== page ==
I have gastric pain. What could it be?
Upper abdominal discomfort is sometimes referred to by patients as “gastric pain”. The medical term is dyspepsia, which means pain or discomfort centred in the upper abdomen.
There can be associated symptoms such as bloating, nausea and fullness after eating. These are very common symptoms and usually caused by disorders of the digestive tract.
Is it serious?
It depends on whether there are “alarm symptoms”. Severity is important. Dyspepsia is not generally excruciating. Severe abdominal pain is an alarm symptom, could be caused by very acute, sometimes emergency conditions such as inflammation of the gall bladder (acute cholecystitis), inflammation of the pancreas (pancreatitis) or perforation of the stomach or small intestine due to a very deep ulcer. Other alarm symptoms include persistent vomiting, loss of appetite or weight, vomiting blood or passing blood with stool or anaemia (low haemoglobin). Such symptoms might be due to cancer, so it is important to have these symptoms checked out.
What causes gastric pain / abdominal pain?
Upper abdominal discomfort is only sometimes associated with structural diseases. Half of the time, it is due to the way the digestive tract functions or behaves in response to food or other stimuli (functional problems).
In the other half of cases, it could be due to ulcers in the stomach or first part of the small intestine (duodenum), gallstone disease, oesophageal disease or more rarely, a cancer.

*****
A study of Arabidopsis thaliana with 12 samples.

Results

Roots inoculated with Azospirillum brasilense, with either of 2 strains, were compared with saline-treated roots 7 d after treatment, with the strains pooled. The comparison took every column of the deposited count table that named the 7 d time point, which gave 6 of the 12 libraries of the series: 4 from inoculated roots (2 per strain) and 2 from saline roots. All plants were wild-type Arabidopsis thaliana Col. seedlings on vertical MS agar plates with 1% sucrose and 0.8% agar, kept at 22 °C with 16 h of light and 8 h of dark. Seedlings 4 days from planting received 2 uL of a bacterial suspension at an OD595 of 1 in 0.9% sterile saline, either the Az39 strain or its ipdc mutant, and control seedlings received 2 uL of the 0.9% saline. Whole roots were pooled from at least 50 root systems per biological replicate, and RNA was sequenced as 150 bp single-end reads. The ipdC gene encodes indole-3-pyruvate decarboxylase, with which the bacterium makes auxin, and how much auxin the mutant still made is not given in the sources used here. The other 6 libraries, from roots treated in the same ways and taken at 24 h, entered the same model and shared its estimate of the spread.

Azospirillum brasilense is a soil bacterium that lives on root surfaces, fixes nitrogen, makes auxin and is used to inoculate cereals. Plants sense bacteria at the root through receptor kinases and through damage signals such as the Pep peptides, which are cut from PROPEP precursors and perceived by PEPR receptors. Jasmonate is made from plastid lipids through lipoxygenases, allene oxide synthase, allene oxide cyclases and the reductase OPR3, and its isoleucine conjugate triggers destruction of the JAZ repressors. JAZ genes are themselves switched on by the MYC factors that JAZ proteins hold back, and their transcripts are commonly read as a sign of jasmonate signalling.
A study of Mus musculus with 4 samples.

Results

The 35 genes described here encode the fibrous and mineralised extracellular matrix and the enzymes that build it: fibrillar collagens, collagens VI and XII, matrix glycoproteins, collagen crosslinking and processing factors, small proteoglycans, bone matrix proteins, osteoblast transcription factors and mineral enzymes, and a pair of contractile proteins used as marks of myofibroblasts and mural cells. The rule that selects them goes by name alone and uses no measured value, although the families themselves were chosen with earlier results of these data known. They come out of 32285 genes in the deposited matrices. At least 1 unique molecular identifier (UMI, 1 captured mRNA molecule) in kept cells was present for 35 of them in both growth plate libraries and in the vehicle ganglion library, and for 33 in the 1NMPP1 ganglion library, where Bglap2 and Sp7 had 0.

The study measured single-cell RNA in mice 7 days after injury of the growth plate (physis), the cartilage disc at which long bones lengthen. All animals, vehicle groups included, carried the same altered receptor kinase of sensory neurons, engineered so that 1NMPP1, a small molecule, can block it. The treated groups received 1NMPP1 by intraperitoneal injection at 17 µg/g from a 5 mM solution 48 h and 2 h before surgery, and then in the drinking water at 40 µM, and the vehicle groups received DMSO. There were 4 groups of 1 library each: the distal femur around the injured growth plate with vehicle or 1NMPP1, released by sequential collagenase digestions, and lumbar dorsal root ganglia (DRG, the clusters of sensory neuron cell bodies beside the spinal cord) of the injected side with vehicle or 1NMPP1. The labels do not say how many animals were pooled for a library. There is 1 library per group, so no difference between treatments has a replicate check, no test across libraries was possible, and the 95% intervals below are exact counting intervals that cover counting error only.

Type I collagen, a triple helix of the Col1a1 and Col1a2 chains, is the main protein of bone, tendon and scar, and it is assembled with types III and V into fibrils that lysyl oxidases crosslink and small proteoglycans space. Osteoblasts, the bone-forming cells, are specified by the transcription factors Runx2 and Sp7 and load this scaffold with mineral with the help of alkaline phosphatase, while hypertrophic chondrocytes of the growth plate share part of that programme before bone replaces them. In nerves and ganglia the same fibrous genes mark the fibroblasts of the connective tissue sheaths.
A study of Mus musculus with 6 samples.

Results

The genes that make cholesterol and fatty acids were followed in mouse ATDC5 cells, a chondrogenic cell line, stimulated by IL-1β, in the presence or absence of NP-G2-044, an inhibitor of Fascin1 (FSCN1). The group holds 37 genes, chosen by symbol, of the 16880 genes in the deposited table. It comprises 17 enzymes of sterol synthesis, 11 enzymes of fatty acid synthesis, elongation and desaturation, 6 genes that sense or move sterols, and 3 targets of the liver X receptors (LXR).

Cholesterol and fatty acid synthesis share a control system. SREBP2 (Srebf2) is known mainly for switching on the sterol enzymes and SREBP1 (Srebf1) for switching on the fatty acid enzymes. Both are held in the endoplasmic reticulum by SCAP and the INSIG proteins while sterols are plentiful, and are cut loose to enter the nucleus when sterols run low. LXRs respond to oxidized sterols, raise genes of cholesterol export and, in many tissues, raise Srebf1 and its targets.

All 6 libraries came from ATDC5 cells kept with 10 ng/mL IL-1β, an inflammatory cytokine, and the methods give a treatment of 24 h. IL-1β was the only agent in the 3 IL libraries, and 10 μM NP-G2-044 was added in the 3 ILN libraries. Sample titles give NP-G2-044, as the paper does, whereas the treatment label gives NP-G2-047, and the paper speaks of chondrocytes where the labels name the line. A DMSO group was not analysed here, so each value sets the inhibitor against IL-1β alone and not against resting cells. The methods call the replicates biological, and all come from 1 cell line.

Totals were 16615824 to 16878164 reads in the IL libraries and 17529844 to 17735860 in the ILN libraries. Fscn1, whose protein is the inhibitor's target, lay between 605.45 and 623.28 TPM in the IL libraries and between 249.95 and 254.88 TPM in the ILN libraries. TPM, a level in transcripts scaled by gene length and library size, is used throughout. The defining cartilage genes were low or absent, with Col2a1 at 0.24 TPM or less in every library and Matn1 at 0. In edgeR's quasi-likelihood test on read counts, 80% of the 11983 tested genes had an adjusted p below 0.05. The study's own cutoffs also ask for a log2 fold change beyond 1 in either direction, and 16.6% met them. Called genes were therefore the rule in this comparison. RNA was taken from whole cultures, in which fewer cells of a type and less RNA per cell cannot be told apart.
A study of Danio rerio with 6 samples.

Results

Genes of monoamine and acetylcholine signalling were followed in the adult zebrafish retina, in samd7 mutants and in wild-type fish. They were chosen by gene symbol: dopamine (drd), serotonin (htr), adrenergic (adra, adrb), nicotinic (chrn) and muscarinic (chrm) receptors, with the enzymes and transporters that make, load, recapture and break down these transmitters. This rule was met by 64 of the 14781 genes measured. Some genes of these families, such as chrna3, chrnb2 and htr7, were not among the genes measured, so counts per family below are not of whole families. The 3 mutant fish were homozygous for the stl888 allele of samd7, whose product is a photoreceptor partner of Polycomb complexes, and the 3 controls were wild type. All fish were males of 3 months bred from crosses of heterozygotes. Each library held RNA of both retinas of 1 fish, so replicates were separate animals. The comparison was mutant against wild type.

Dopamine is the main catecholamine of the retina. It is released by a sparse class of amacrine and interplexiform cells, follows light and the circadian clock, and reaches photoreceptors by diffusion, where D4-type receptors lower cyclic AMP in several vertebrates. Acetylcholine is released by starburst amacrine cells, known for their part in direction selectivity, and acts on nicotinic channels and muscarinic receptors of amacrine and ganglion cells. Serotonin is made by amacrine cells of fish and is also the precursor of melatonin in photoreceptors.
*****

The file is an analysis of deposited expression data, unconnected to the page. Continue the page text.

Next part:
Should I see a specialist or a GP?
Patients who are referred for specialist care are a selected group. In the community, General Practitioners would see a greater proportion of patients with functional problems. GPs would make an assessment of the patient and perhaps try some empirical therapy. If the symptoms recur, they might then refer the patient to a Gastroenterologist.
How would a Gastroenterologist diagnose my gastric pain?
In assessing a patient with dyspepsia, a Gastroenterologist would take a detailed history, as an analysis of the pattern of symptoms often give strong clues as to what could be the matter.
A physical examination might detect abnormalities such as pallor (paleness which may be due to anaemia), jaundice (yellowness due to accumulation of bile pigments), pain in response to pressure or a lump in the abdomen, which might suggest more serious disease.
Investigations might include a blood test, imaging by way of x-ray pictures, ultrasound scans, computerised tomography (CT scans) or magnetic resonance imaging (MRI) of organs such as liver, gall bladder, pancreas and kidneys and Endoscopy, which for upper abdominal symptoms, is usually Gastroscopy – an examination by a long, thin instrument called and endoscope, of the oesophagus, stomach and upper small intestine or duodenum.
What if the tests don’t show any specific disease?
If no structural disease is found, a functional cause is likely. The good news is that such problems are not dangerous. The bad news is that, not having a specific cause to treat, treatment to modify functional problems can be more difficult, requiring trying different treatments and regular monitoring to adjust treatment as necessary.
What specific diseases might there be?
Specific diseases such as oesophagitis (inflammation of the oesophagus often due to acid reflux) ulcers can mostly be treated by medicine. If the common stomach bacteria Helicobacter pylori is present, this can be treated by antibiotics. If there turns out to be gallbladder disease, often the gallbladder needs to be surgically removed.